The Virtual Sound Bath Is the Wellness Trend of the Moment
Beginner-friendly meditation, now available on Zoom.
Updated Oct 11, 2018 2:00 PM
While sound baths are typically performed in groups, the experience lends itself particularly well to at-home practice: All you need is a pair of headphones and a place to lie down. Nate Martinez, a certified sound therapist and the host of MNDFL’s recent sound bath on Zoom, told me that while an in-person experience is different—often there will be live instruments in the room—you can still reap the benefits alone in your bedroom.
According to Martinez, it all has to do with how sound travels in a space—in person, the sound waves are experienced both physically and mentally (think of how you might experience a full-body sensation when you’re at a concert with exceptionally high bass, for example), but digitally, it’s about how audio affects your brain waves. As long as you have good speakers or headphones, “you can get to the point where you can untether your mind and experience a ripple effect in your nervous system,” says Martinez.
He thinks the practice is particularly popular right now because audio therapy can be easier for people to get into than straight-up meditation. “The participants can let themselves off the hook a little bit, and in the process of doing that, they’ll get to the mental space that meditation leads you to anyway,” he explains.
Personally, I’ve always struggled with meditation, so after getting my fourth or fifth invitation to a virtual sound bath in my inbox, I decided to try one. On Friday at 9:30 p.m., I tuned into a sound bath on YouTube hosted by CBD brand Lord Jones and created by art collective Visual Reality. On Instagram, it promised to help me “enter the astral plane” all while I was social distancing. Before the gentle melodies and nature sounds started, I laid down flat on my bed and secured my Bose over-ear headphones in preparation. I was ready to relax, but as soon as I heard the narrator, musical artist Torkom Ji, say the event would last an hour, I felt my entire body tense up. The thought of spending 60 minutes doing nothing but laying still and listening was enough to make me instantly stressed. So I will admit that for the first 10 minutes of Lord Jones’s presentation, I wasn’t quite doing nothing.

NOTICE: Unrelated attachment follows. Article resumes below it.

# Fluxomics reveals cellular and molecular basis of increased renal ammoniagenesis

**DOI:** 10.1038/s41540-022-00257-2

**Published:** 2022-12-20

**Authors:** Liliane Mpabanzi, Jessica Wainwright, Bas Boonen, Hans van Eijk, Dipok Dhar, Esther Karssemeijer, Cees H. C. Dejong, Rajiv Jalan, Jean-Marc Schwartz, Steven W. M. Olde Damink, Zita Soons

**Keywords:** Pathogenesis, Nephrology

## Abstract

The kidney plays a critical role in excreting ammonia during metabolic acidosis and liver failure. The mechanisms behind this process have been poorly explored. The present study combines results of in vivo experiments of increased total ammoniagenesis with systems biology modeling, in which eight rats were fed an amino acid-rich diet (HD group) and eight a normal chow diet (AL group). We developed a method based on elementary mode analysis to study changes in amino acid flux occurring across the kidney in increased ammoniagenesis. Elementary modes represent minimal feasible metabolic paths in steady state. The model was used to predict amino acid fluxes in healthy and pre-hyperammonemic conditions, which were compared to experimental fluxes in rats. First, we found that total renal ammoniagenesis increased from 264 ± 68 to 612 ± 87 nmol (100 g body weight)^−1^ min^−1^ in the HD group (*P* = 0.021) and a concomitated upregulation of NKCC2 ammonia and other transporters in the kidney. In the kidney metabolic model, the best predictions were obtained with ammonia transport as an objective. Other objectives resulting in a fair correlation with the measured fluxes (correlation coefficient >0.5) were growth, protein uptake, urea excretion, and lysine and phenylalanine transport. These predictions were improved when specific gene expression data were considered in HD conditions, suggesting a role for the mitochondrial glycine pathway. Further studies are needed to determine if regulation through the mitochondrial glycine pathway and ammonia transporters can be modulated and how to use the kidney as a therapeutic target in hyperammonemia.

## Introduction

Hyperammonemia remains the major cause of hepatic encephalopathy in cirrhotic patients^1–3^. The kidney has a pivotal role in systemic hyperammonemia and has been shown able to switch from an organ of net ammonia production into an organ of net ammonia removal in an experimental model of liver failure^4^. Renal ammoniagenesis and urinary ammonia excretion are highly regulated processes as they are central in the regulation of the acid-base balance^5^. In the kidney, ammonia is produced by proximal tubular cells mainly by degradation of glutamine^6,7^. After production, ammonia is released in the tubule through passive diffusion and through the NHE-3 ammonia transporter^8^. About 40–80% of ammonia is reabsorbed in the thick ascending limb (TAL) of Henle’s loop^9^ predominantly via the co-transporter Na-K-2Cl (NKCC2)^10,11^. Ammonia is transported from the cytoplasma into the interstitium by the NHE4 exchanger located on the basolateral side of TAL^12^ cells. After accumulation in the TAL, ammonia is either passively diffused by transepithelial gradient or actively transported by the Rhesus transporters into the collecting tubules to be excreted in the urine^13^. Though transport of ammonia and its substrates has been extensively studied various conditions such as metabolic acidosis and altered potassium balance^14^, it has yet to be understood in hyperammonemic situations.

I got up and cleaned some dishes and decluttered my nightstand, willing my thoughts to sync with the synth-like sounds that were like something you would hear during a massage or perhaps in B-roll from Planet Earth. But with my minor messes cleaned up and still 45 minutes to go, I decided to give it an earnest try. I took a CBD gummy and laid back on my bed in savasana, briefly watching the hypnotic nature scenes that filled the screen of my phone before ultimately deciding to close my eyes instead. After about five minutes, I was finally able to relax.
Though I’ll admit I may have checked my phone once or twice for the remainder of the bath (old habits die hard), for at least 20 minutes I found myself in a state of meditation not unlike the moment in between sleeping and waking up—those 10 extra minutes you allow yourself in bed after pressing snooze again. The changing music helped to quiet my thoughts a little bit—just as if I were listening to a really great album for the first time—and when the narrator returned to announce that the sound bath was over, I felt something like pride.
“There is no wrong way to enjoy a sound bath,” Lord Jones founder and CEO Robert Rosenheck told me. And doing it my way left me a bit more relaxed and certainly surprised by its ability to soothe me. Want to try it for yourself? Here are a few tips to make your audio experience even better.
Get Comfortable Martinez recommends wearing an eye mask to help you focus your mind fully on the sounds. Don’t think about it as disconnecting with your body, but rather putting it in a position where it has to exert minimal physical effort.
Optimize Your Sound Your phone or laptop speakers might be fine for Netflix, but to get the all-encompassing audio experience of a sound bath, opt for a good external speaker or headphones. I found my over-the-ear ones (which are muffling but not totally sound blocking) to be perfect.
Just Relax A sound bath shouldn’t make you more stressed than you were before it started, so do what you need to do to make it work. That might mean cheating a little like I did, enjoying an accompanying visual effect such as those provided in Lord Jones’s livestream, or working your way up to a longer meditation. All you need to do is listen—it doesn’t get simpler than that.